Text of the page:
Phishing Scam Targets Apple Customers in Canada
28 October 2015
An email scam targeting Apple customers is now making the rounds in Canada.
According to the Better Business Bureau (BBB), the emails appear to be from Apple ID Support, iTunes or iCloud, and ask recipients to click a link or download an attachment, then “verify” or confirm access to their account by providing their Apple ID and password. In some cases, the emails also request viewers’ credit card or other personal information. Even if a recipient doesn’t offer up these details, simply clicking the link could be enough to compromise this information. Rather than directing users to the Apple website, links and attachments initiate malware downloads that attempt to steal their hosts’ personal data, which could lead to identity theft.
“Scammers are sophisticated and create realistic looking websites and emails that appear to be from legitimate businesses in order to obtain your personal information,” says Sandra Crozier-McKee, president and CEO of BBB Serving Southern Alberta and East Kootenay. “It could be as simple as a slight misspelling of a word to trick viewers into believing they are being contacted by the actual business.”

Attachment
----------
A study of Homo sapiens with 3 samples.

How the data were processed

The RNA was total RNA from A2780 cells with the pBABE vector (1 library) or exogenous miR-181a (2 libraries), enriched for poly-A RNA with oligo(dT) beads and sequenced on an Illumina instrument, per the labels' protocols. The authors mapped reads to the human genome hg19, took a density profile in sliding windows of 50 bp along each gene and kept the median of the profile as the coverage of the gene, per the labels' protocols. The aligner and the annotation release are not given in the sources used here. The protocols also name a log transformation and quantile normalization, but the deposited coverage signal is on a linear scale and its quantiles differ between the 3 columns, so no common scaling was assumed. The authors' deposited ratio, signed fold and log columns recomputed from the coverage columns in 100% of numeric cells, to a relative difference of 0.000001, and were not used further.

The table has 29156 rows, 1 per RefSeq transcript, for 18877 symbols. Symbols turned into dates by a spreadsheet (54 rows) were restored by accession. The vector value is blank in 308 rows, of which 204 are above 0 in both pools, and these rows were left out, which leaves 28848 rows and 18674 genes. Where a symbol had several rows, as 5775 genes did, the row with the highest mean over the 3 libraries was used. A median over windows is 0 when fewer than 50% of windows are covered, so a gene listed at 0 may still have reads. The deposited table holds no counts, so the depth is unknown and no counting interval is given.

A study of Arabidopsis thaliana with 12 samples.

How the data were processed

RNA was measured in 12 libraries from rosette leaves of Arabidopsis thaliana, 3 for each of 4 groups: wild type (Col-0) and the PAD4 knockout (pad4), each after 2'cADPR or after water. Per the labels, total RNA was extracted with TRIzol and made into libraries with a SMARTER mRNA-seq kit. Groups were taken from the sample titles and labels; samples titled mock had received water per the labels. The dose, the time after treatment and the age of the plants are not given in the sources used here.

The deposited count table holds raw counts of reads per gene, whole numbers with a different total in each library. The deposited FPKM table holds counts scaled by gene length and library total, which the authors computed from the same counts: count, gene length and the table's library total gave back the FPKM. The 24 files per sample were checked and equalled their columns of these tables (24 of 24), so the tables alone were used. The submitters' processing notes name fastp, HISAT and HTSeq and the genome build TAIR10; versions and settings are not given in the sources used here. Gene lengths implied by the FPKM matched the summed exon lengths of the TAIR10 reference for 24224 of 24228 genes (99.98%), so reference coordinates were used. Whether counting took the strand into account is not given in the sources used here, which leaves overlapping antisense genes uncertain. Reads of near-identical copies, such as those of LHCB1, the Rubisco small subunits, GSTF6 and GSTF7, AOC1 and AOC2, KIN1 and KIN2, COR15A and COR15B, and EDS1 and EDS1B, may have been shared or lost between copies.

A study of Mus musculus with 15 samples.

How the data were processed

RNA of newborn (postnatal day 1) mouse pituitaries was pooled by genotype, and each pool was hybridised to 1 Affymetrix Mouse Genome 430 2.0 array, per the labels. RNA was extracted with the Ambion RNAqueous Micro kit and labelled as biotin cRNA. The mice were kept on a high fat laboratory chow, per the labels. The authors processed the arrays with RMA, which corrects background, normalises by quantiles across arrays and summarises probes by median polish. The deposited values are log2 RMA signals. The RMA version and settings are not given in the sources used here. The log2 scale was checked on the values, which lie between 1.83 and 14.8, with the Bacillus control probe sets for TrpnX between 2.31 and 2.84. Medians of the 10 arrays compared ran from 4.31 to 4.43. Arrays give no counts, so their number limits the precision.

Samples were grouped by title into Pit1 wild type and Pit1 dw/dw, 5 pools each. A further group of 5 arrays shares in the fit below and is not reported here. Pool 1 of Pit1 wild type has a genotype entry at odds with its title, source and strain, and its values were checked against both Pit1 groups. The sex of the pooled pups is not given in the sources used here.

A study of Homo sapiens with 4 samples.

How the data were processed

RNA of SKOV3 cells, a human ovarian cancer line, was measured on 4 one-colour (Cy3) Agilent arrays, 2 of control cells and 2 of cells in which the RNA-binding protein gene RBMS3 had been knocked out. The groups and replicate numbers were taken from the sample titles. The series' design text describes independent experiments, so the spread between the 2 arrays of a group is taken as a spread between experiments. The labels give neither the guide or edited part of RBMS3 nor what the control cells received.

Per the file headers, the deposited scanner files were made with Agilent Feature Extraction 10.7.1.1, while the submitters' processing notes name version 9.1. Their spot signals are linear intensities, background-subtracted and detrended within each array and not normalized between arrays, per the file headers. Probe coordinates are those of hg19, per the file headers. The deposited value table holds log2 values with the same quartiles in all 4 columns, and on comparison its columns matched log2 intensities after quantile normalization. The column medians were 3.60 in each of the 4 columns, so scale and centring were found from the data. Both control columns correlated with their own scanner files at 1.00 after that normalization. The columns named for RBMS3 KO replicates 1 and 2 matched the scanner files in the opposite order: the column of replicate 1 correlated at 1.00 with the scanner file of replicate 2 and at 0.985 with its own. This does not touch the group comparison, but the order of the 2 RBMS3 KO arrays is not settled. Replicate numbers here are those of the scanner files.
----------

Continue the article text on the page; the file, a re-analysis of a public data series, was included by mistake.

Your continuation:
To help protect you from phishing attempts like these, keep these tips in mind:
- Scammers can copy a business’s colours, logos and even email addresses. Keeping an eye out for the details can help you notice small mistakes such as typos or errors in the logo that could tip you off.
- Before clicking on a link, hover your cursor over the link to reveal its destination. If you don’t recognize the URL, don’t click on it.
- Don’t open attachments from senders you don’t know.
- Official emails from reputable companies will be well-written. If you get an email full of typos and grammatical mistakes, like the latest Apple emails, it is usually a sign that it is coming from a scammer.
- If you are unsure whether or not an email is authentic, you can always contact the company directly through its official website. It will be able to verify any official communication.
- To protect yourself in case a phishing attempt is successful in mining away any of your personal information, signing up for a credit monitoring service can help you stay alert, notifying you in case there is any unusual activity on your credit account that could indicate fraud.
- If you receive a phishing email from Apple, forward the email to firstname.lastname@example.org. Also report these and any other instances of phishing to the Canadian Anti-Fraud Centre.